30 West 100 South
Salem, UT 84653
M-T 7:30 a.m. to 5:30 p.m.
Friday 8 a.m. to 12 p.m.
After Hours Number
Available 24 hours a day
Tip a Cop
Office: 801-423-2312 ext.211
Animal Control-Blair Kerby
Office: 801-423-2312 ext. 217
South Utah County Animal Shelter
Click here for website
Outside Employment Policy
Salem City Police Department
The Mission of the Salem Police Department is to work with all citizens of the community to preserve life, human rights, and dignity; protect property, foster individual responsibility and community commitment; thereby maintaining and enhancing Salem’s status as the City of Peace.
We envision a community where children are free to live and learn in an environment which promotes their safety and development; where being limited by crime or disorder; a community where citizens can enjoy their senior years in peace, security, and harmony.
Job Opening - Police Officer
Salem City is accepting employment applications for a Police Officer. Please apply at the City Office at 30 West 100 South. The office hours are 7:30 a.m. to 5:30 p.m. Monday through Thursday and on Friday from 8 a.m. to 12 p.m. The closing date for this position is September 10, 2014.
This position reports directly to the Salem City Chief of Police. The candidate needs to be Utah Peace Officer Standard and Training (POST) certified or certifiable as a Category 1 Peace Officer. The candidate should have a good working knowledge of Police practices and be willing to dedicate themselves to public service in a progressive rural community. The salary is negotiable depending on previous experience and demonstrated ability. Salem City is an Equal Employment Opportunity Employer (EEOE).
Click Here for a detailed job description.
Click Here to download an employment application
Messages from the Chief
Top Crimes of Summer
Senior Citizen, “BEWARE”
“IRS Calling” - Someone calling as an IRS representative asking for personal information. The IRS will never ask you for your personal information either via telephone or email. Always hang up on such a caller immediately and do not respond to the email.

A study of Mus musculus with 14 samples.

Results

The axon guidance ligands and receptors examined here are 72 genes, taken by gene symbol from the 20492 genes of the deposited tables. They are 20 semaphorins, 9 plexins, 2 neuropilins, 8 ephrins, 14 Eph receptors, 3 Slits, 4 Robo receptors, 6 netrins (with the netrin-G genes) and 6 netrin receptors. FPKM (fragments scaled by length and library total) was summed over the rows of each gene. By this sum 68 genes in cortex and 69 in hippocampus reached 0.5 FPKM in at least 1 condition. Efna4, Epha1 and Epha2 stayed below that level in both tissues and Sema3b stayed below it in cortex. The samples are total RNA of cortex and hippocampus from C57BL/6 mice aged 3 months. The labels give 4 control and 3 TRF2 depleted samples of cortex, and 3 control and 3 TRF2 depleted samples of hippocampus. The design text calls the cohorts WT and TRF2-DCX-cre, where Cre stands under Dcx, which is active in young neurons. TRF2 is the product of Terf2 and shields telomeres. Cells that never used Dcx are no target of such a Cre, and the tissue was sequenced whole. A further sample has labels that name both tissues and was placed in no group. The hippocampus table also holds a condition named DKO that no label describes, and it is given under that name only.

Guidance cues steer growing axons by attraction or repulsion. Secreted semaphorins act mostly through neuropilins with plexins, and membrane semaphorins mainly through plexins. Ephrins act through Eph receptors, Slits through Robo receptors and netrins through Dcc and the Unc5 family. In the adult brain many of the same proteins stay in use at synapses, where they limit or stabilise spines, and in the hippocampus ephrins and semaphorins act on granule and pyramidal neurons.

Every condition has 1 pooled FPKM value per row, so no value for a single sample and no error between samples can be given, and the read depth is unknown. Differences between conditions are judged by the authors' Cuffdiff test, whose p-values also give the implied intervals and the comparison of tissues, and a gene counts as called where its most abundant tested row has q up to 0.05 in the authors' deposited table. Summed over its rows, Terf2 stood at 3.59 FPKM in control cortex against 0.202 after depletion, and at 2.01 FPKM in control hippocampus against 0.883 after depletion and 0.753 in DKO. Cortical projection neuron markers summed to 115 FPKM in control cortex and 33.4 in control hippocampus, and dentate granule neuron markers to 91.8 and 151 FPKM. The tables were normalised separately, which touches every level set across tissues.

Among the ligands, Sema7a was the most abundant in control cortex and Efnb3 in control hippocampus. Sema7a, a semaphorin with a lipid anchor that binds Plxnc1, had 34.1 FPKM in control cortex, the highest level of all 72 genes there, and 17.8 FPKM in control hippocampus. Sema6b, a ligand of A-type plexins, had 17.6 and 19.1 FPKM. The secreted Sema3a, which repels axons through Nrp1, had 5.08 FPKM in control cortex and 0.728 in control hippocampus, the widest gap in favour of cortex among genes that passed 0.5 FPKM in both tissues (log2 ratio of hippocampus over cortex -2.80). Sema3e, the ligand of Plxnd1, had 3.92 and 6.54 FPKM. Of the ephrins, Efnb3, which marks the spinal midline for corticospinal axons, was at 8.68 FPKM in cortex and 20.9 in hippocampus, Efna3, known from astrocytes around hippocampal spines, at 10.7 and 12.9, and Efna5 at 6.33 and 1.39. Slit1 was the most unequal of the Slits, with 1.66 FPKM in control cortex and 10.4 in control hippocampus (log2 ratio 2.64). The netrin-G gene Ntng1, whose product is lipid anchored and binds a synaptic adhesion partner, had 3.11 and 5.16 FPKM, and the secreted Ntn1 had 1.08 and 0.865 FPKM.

“Grandparent Scam” - Fake grandchild will usually ask for money to solve some unexpected financial problem (overdue rent, payment for car repairs, bail money to get out of jail etc.), to be paid via Western Union or MoneyGram. Do not fall for this.
“Sweep Stakes or Lottery Winner” – Someone calls or sends you mail correspondence that you are a winner then tells you have to send or wire money to unlock your sweep stakes or lottery winnings. Never ever send money! You worked hard for the money you have and it’s totally a scam and money you will never see again.
“Email/Phishing Scams” - A senior receives email messages that appear to be from a legitimate company or institution, asking them to “update” or “verify” their personal information. A senior receives emails that appear to be from the IRS about a tax refund.
“Charity Scams” -Money is solicited for fake charities. This often occurs after natural disasters.
“The Fake Accident Ploy”-The con artist gets the victim to wire or send money on the pretext that the person’s child or another relative is in the hospital and needs the money.
“The Pigeon Drop”-The con artist tells the individual that he/she has found a large sum of money and is willing to split it if the person will make a “good faith” payment by withdrawing funds from his/her bank account. Often, a second con artist is involved, posing as a lawyer, banker, or some other trustworthy stranger.
“Warrant Scam”- Mr. or Mrs. Smith will receive a call from someone identifying themselves as from the local Sheriff’s department. The caller will tell Mr. Smith that he has a warrant for his arrest and will have to go to jail unless the bail is paid. Instructions are then provided by the caller to obtain a Green Dot card loaded in the amount of the bail for the warrant. After Mr. Smith does this he is to call a certain number and provide the Green Dot card information to the phony Sheriff’s Deputy. The scammer will then deplete the funds from the Green Dot card.
If you are a resident of Salem, you are very fortunate indeed to live in a wonderful community that has terrific citizens. Salem is a relativity safe community that its residents can be proud of. One reason that Salem is safe is because of its citizen’s involvement. They are not afraid to watch out for their neighbor and those that live in their neighborhood. Citizens know who belongs in the area and what vehicles are suspicious. They are not afraid to report situations to the police department that do not seem right. These involved neighbors are a valuable tool to the police department that have assisted in the past in solving burglaries, thefts, drug crimes and an array of other types of crimes. All by just willing to report things that do not appear or seem right.
We can all do our part by making Salem an even better and safer community. By simply locking your doors on your homes and cars, taking any property of value and securing it, can go a long way in reducing crime in the community. Watching out for your neighbors and reporting anything that seems or appears suspicious to you immediately to the police department can also reduce crime. The community belongs to you. If you want to live in a safe community then do your part by being a partner with your local police department and report things that can assist in detouring or solving crimes. By working together we can go from a safe community to one of the safest in the State of Utah.